May 25, 2023 - Politics & Policy

Black lawmakers push Congress to do more on police reform


Driving the news: The CBC said the progress the Justice Department has made in the past year could have a real impact on decreasing police violence against people of color.

  • The executive order requested the DOJ oversee a number of initiatives in the country's police department that would make interactions between law enforcement and people of color less lethal.
  • "Those provisions include updating its use of force policies and requirements for body-worn cameras; prohibiting sale and purchase for military-style weapons; providing stronger guidance to states and localities on death in custody investigations; and banning chokeholds and minimizing the use of no-knock warrants," Horsford said.
  • The Justice Department released a number of reports Thursday including new guidance prohibiting police from racial profiling and a commitment to investigate deaths that occur in police custody.

Background: Horsford and other CBC members recently met with Attorney General Merrick Garland to express their concerns about the status of the executive order.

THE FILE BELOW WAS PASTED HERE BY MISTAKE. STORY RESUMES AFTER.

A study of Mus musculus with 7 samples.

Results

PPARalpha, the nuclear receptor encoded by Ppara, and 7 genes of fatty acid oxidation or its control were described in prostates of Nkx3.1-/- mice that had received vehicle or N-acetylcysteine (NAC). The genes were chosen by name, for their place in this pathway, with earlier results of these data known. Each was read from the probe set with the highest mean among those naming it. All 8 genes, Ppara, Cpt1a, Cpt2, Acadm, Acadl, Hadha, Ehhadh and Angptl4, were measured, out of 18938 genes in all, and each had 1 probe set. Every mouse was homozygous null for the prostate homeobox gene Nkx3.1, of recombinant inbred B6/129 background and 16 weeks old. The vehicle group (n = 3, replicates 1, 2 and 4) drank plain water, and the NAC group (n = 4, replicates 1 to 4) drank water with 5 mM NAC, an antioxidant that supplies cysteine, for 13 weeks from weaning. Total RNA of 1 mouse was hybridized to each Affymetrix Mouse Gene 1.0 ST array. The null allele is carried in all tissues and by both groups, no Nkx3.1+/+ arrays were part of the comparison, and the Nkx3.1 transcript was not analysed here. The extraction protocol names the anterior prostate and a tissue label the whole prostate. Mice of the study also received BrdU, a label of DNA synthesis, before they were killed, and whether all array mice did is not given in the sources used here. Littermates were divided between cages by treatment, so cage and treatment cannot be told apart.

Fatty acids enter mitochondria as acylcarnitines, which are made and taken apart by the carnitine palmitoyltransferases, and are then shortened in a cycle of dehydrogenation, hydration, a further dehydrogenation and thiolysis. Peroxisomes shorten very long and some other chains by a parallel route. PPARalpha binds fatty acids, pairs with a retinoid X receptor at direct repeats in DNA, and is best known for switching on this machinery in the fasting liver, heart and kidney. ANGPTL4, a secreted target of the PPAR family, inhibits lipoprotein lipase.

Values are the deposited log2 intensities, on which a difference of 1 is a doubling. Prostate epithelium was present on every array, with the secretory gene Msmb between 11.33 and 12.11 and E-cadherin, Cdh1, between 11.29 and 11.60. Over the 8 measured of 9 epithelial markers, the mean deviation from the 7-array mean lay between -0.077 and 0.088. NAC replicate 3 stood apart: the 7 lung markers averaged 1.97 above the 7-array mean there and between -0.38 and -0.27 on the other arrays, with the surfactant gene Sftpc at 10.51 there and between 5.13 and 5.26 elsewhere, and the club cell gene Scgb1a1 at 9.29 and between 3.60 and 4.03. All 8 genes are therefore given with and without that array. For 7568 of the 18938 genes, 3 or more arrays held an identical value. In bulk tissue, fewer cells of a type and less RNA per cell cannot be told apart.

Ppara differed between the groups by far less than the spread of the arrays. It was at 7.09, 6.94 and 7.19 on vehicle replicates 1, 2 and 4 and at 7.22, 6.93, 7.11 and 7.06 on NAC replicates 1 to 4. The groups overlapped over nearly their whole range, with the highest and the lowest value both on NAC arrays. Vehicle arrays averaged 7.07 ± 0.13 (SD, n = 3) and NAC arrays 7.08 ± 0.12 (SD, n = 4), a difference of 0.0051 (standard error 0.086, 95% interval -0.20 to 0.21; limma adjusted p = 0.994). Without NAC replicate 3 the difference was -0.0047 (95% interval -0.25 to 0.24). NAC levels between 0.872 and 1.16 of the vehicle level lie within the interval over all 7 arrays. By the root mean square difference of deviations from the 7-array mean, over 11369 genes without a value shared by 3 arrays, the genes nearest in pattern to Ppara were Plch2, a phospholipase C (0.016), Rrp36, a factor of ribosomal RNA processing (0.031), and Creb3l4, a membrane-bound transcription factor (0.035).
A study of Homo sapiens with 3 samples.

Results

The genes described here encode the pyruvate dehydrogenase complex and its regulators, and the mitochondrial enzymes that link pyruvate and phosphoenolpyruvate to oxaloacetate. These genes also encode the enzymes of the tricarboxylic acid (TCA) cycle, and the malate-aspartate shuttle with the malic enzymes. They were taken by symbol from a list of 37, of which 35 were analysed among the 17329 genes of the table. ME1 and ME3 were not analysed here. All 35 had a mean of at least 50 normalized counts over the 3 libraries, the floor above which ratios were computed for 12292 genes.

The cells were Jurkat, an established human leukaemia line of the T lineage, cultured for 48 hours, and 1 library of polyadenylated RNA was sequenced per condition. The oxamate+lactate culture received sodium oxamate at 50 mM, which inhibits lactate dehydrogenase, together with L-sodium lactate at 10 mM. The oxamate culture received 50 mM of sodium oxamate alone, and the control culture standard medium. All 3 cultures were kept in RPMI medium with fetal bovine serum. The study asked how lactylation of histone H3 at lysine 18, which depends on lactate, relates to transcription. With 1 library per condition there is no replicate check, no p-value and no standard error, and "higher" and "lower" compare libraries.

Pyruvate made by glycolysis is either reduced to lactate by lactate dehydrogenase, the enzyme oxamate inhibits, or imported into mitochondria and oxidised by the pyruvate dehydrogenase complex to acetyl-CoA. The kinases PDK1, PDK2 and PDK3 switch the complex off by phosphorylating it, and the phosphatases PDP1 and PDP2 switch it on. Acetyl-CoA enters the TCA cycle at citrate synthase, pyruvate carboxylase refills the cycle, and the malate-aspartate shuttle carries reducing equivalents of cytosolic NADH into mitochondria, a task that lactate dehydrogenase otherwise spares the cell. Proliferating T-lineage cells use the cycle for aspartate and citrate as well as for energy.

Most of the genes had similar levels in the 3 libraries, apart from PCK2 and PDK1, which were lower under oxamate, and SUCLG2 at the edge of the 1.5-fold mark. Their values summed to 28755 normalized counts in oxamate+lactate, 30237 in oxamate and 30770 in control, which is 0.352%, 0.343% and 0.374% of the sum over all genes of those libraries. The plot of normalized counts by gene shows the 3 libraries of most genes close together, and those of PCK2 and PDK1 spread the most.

• “While our work is not done, we are proud of the important changes we have made over this past year to update our internal policies and better provide our state and local partners with the resources and support they need to keep communities safe from violent crime, advance transparency, and build community trust,” said Garland.
  • Biden issued the order two years after the death of George Floyd, a Black man killed by Minneapolis police, months before the 2020 presidential election.
  • Democrats originally proposed legislation aimed at reforming police practices across the U.S. after Floyd's death, but that bill failed in Congress — causing Biden to respond with the executive order.

What's next: Biden and Black lawmakers said the executive order is not enough and Congress needs to pass legislation that reforms policing nationally.

  • "We know that implementing real and lasting change at the state and local levels requires Congress to act. I urge Congress to enact meaningful police reform and send it to my desk. I will sign it," Biden said.

The bottom line: Getting Republican lawmakers to support the legislation continues to be difficult due to their support for qualified immunity for police, the legal doctrine that protects officers from lawsuits.